It has come…The final morning of the 2012 London Olympics.
Before London’s laborers start taking down the pink Olympic direction signs and the pedestrian barricades, before clean up crews start sweeping up the streets and Tube stations, I had an opportunity to sit down over dinner with locals to see what the average suburban Londoner thought about their city’s Games.
I had the pleasure of dining in the kitchen of Paul Neumann with his friends in the quiet North London neighborhood of Finchley. While their collected children played outside and munched pizza, we kicked around the Olympics over a bottle of wine and a bit of chicken curry – with cheesecake for pudding.
With the final day of competition and the eagerly awaited Closing Ceremonies looming, the entirety of the 2012 Games dominated conversation.
Neumann, a father of two, admitted he didn’t have great passion for the Olympics before they started, but he got caught up in the action.
“I had friends nagging me to go to the London Olympic events,” Neumann said. “But, since I have season tickets for the Tottenham Hotspurs (soccer team), I thought I was more or less ‘sported’ out. Why would I want to drive all the way out to Stratford, fight the crowds and all of that?”
“But, once I saw the opening ceremonies on TV, I thought they were spectacular. Now, I realize I would’ve loved to see some of it live. Then I was very much into it. I’ve watched events I never would’ve thought I’d like. Women’s Synchronized Diving. Cycling. Rowing. I watched all of it.”
Sue Shefras, the director of Blue Ribbon Events, believes the success of the London Olympics will lead to more enthusiasm for all sports through Great Britain.
“I can see it in my own children who are so excited and are watching as much of the Olympics as they possibly can,” Shefras said. “I think you’re going to see that excitement continue – not just through the Paralympics, but for a long time here in London.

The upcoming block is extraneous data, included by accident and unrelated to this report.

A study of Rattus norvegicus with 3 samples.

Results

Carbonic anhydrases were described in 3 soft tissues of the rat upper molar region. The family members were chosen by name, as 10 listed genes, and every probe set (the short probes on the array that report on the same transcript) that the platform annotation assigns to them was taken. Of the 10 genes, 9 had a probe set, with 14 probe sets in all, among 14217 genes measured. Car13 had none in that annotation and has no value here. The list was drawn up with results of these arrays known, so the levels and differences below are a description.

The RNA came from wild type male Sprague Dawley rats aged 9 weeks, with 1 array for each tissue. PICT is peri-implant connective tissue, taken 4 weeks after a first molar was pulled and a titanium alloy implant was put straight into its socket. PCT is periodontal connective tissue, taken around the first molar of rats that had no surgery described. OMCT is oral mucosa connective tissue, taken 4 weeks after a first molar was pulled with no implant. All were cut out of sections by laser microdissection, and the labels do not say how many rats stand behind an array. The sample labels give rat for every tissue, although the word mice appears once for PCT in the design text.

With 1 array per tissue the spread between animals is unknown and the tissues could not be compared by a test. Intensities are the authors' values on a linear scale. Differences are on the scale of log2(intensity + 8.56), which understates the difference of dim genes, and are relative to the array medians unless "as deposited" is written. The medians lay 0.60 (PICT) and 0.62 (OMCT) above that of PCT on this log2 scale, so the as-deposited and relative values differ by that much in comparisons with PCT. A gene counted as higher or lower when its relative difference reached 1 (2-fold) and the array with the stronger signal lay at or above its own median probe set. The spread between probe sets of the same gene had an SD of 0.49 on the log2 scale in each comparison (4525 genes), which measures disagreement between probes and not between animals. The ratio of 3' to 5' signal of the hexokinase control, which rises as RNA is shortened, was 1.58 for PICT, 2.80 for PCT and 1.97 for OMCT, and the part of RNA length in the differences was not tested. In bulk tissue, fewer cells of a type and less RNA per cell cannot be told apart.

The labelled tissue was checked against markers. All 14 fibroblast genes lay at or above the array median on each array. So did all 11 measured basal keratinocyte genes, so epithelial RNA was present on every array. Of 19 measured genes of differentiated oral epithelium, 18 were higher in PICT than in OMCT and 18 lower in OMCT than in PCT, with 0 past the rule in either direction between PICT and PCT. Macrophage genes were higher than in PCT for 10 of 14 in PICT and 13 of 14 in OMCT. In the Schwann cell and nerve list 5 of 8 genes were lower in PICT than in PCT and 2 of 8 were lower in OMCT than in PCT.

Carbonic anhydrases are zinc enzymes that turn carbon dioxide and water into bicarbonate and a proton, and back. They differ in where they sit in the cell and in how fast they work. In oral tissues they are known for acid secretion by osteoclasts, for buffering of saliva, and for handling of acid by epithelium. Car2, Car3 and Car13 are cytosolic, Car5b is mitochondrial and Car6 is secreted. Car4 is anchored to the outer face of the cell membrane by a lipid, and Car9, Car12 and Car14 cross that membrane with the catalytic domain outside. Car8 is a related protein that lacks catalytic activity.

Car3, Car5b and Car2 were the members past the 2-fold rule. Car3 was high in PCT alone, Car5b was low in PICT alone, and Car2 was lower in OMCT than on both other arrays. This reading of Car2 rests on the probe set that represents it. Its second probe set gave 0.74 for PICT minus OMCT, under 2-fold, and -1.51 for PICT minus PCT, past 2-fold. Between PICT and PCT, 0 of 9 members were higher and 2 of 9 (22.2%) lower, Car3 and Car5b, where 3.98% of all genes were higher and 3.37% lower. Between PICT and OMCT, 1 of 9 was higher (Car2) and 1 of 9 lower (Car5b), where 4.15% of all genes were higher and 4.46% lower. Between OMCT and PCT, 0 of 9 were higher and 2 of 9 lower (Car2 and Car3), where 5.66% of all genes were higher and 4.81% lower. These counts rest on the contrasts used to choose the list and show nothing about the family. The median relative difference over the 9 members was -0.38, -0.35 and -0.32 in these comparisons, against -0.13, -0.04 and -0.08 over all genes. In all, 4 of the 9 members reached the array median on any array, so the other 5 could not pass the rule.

Melet Markos, a young accountant working in Central London, was more impressed by the energy that pervaded the city during the Olympiad.
“The energy has been amazing because it’s been a really positive atmosphere all over the city,” Markos said. “That call it ‘Olympic Fever?’ OK. I caught it. The whole event has been organized really well. I work in Westminster and commute through the South Bank, and I didn’t see the Olympics having effect on anything. Not the people. Not the traffic.”
Charlie Ioannou – the chef responsible for our curry – couldn’t offer a single negative word about the London Games. But he did pick a single word of praise.
When asked how the Olympics all came together for him, he offered: “Spankingly.”
While the official 2012 London catchphrase was “Inspire a Generation,” I’m left to wonder as I sit preparing to cover the Closing Ceremonies live later today if we couldn’t have just used “Spankingly” instead. Why not? After all, the verdict is already clear here in London.
Rio 2016? You’ve got your work cut out for you to beat these last two weeks.